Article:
Survival Lessons from the Great Mortality

Imagine a world that has recently come through a period of global warming. Instead of being harmful, it’s a time of abundant crops and seeming prosperity. Then things start cooling down. Change has come. Crops are now susceptible to fungus, causing diseases in livestock and humans.

War is assumed to be part of everyday world affairs. Who knows but what it might go on a hundred years? Poverty is so stark that some are forced into cannibalism to survive. Sewage, dead animals, and garbage are everywhere. Vermin, especially rats, run rampant.

Does this sound like a scenario from one of those post nuclear war science fiction movies? Could it yet be in our future? That’s a question that may answer itself in due time.

The above is actually how things were in the early 1300’s before the Bubonic Plague wiped out one third to half of Europe’s population! John Kelly wrote about the time before, during, and after this horrendous plague in his book, The Great Mortality: An Intimate History of the Black Death, the Most Devastating Plague of All Time. Kelly says the book began as an inquiry into what could happen in the future, but became an investigation into the past.

It’s instructive to note the breakdown of society in most places affected by the plague of the late 1340’s and early 1350’s. It started in inner Asia and moved so rapidly once reaching Europe there was nowhere to get away from it as it paraded through. Rats and accompanying fleas thrived on poor sanitation and personal hygiene.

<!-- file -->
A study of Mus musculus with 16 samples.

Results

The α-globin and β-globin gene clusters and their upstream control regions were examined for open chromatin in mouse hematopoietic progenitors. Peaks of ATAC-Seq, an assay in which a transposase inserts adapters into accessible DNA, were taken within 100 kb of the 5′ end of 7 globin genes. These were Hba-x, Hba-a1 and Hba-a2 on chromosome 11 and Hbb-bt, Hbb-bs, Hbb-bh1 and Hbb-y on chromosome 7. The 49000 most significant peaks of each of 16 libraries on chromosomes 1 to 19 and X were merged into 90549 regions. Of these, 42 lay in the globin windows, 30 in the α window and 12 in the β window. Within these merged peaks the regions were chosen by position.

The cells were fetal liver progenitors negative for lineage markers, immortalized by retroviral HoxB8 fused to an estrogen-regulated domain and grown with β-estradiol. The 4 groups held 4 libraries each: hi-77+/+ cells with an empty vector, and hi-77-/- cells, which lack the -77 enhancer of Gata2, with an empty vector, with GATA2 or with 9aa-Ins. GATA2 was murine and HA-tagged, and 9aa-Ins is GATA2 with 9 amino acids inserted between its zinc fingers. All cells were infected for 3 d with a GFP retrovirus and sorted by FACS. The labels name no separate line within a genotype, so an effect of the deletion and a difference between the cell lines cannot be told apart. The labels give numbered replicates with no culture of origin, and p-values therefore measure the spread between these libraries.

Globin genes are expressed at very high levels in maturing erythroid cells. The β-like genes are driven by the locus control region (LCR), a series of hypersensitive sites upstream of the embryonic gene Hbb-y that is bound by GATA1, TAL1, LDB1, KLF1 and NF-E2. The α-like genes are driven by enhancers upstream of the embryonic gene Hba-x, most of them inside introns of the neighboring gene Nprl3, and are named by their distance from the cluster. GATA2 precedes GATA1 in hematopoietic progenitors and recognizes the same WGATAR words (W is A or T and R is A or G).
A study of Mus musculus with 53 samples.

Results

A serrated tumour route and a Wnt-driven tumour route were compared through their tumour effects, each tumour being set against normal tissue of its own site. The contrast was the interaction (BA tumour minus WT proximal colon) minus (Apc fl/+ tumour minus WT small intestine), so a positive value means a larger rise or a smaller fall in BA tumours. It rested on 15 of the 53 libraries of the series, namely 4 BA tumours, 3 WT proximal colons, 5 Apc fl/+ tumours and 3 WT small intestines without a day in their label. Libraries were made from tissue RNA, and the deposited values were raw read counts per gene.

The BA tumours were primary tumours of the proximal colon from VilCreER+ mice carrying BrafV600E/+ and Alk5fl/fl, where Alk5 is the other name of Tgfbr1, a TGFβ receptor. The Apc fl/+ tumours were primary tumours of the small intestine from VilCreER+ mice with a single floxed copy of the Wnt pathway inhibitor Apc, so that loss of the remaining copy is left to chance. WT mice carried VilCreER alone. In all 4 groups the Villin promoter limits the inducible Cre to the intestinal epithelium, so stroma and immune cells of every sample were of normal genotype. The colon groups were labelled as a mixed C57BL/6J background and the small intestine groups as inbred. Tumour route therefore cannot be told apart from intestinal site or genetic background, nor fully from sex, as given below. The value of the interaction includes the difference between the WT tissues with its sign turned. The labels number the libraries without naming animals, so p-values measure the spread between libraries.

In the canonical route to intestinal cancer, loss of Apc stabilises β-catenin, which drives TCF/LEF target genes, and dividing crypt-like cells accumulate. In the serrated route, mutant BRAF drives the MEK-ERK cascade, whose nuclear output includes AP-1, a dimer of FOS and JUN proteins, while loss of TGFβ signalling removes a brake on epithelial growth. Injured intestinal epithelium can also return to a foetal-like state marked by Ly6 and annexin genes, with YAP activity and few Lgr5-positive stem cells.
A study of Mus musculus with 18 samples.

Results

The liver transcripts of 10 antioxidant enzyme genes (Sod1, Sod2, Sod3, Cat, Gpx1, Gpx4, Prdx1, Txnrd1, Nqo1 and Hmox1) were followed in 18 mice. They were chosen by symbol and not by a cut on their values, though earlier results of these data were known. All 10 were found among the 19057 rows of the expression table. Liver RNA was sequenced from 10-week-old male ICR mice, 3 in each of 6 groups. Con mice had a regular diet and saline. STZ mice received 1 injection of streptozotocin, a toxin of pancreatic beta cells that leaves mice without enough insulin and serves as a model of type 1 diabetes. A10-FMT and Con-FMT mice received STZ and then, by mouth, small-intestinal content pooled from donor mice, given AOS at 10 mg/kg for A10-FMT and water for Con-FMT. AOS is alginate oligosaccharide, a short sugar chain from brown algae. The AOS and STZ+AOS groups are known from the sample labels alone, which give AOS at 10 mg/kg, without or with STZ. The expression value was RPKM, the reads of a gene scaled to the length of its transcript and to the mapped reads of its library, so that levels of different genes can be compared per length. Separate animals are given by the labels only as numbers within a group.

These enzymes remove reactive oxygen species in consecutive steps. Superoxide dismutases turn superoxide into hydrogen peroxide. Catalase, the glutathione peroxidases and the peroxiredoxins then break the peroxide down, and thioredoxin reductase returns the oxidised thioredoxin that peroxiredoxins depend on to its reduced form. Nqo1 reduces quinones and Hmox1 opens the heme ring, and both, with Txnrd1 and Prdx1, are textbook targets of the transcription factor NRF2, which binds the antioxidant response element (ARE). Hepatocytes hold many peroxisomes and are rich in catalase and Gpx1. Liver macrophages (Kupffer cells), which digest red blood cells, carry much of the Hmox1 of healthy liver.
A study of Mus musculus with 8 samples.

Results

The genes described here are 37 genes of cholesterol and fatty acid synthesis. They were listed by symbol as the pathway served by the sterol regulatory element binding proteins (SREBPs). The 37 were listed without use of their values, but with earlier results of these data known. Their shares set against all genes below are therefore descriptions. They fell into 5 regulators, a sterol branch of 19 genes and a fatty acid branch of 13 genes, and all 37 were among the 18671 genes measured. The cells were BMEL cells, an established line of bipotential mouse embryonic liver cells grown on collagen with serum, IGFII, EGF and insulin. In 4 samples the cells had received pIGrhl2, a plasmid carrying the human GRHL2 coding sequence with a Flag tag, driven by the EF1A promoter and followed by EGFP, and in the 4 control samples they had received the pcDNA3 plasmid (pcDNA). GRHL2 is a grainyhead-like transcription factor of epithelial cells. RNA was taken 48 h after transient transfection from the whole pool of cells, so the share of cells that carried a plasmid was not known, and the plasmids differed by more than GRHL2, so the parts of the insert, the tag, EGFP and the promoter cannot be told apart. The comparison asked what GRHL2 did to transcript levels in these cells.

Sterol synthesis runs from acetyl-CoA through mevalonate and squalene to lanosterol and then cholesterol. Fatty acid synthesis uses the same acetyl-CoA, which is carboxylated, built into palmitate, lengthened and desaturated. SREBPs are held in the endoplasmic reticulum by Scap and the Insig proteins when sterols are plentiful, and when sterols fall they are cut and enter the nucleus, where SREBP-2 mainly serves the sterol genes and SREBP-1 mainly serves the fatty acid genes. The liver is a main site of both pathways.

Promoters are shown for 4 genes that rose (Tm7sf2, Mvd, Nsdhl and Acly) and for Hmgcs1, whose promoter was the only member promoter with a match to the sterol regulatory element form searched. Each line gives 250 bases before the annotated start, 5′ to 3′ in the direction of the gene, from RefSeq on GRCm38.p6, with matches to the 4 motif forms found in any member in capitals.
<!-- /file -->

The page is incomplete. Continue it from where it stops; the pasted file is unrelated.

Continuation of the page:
Medical relief was primitive and futile. There were numerous theories as to the plague’s origin and remedies. Kelly describes the attitudes of the church as well as scientists of that time. AntiJewish hatred grew as well, since Jews were accused of poisoning wells. Everything changed from family life to civil government. Some places handled it better than others.

Could we see something like this with an anticipated outbreak of bird flu or some other pandemic? What sort of aftermath can we expect? If you’re curious about history of the Black Death and its potential lessons for us today, then get a copy of The Great Mortality. Click on its title where you see it linked in this post. That takes you to the page where it’s featured. Place your order there.

This is an easy to read and fascinating account of this unique period of history. Let’s hope history won’t repeat itself. But be prepared in case it does…


Author: John Wesley Smith

John Wesley Smith writes and podcasts from his home in Central Missouri. His goal is to help preppers as he continues along his own preparedness journey.